Program Evaluation for the Homelessness Sector

Community Kitchen


One of the main reasons organizations do program evaluations is because they would like to improve their program. They want to know whether their program is working the way they thought it was. They may also want to know if the program is engaging the intended stakeholders.

Here are some of the questions that the organization may want to find out about the community kitchen for pregnant youth described in the video.

Community Kitchen Example

Questions that the organization has about the program:

1. What kind of program is it?

2. What of the goals of the program?

3. Who are we expecting to use the program?

4. Who will deliver the program? Who are the other program stakeholders?

5. What do we want to find out?

6. Who uses the program?

7. What parts of the program are achieving your goals?

8. What about the program do participants enjoy?

9.  What Is the reason for doing the evaluation?


Have you ever been involved with program evaluation? Did you help plan the evaluation? Perhaps your program was evaluated by someone else. Were you ever asked to evaluate a program as a participant? In any of these situations, what type of evaluation was it – formative, process or outcome?

An evaluation is conducted because you have questions about your program or service that you want answered. It is best if you begin to think about these questions early in the development of your program or service since it can take considerable planning to design a meaningful and feasible evaluation plan.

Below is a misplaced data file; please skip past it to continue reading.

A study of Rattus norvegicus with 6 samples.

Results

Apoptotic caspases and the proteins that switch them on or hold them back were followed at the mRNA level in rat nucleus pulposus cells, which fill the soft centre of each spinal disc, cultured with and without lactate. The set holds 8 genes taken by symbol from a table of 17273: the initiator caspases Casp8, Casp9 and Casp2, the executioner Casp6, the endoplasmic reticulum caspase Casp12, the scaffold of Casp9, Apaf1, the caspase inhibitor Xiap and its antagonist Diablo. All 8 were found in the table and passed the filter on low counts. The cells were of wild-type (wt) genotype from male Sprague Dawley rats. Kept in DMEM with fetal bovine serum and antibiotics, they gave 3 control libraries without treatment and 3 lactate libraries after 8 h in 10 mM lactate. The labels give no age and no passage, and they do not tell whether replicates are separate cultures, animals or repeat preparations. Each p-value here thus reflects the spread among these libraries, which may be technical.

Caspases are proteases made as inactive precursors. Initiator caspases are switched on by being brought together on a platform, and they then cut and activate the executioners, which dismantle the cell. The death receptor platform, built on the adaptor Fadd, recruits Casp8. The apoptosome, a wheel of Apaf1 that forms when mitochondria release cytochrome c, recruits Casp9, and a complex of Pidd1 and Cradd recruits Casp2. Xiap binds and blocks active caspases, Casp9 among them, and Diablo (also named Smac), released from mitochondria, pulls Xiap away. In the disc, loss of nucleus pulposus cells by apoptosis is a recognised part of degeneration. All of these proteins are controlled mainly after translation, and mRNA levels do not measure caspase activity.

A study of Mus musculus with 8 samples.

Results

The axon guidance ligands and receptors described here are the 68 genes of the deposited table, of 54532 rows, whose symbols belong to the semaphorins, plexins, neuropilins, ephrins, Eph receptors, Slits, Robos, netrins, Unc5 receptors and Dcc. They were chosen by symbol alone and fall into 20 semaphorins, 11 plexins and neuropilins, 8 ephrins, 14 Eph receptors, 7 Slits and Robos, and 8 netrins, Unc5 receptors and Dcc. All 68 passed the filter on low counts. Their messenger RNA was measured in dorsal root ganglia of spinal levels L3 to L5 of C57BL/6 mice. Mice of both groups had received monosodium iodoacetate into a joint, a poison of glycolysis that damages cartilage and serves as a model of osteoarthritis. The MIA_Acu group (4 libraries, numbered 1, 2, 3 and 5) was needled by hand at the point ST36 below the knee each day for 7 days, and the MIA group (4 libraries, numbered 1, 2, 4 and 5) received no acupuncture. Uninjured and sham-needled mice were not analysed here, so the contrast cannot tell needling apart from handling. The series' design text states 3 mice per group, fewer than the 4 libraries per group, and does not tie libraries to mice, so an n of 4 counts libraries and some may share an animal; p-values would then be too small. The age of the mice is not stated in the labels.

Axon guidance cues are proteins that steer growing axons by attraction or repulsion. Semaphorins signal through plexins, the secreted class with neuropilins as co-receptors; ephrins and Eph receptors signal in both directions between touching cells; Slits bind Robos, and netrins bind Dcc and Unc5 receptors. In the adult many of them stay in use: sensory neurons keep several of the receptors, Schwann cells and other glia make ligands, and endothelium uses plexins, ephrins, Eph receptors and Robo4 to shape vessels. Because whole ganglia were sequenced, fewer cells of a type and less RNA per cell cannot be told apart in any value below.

Community Kitchen Example 

Questions that the organization has about the program:

Q1. Who is using the program? 
Q2. Does cooking together develop stronger relationships among participants?
Q3. Would we achieve the same change if we delivered the program a different way using fewer resources?

In the example above, the first question could be answered with a process evaluation. To answer the second and third questions, you’ll need to plan for an outcome evaluation.

Be realistic of your needs, time, and resources when planning your evaluation questions and design. You may want answers to a wide variety of questions about your program or service. However, conducting an unfocused evaluation will be an inefficient use of both time and resources. Trade-offs will often have to be made to ensure the feasibility of the evaluation.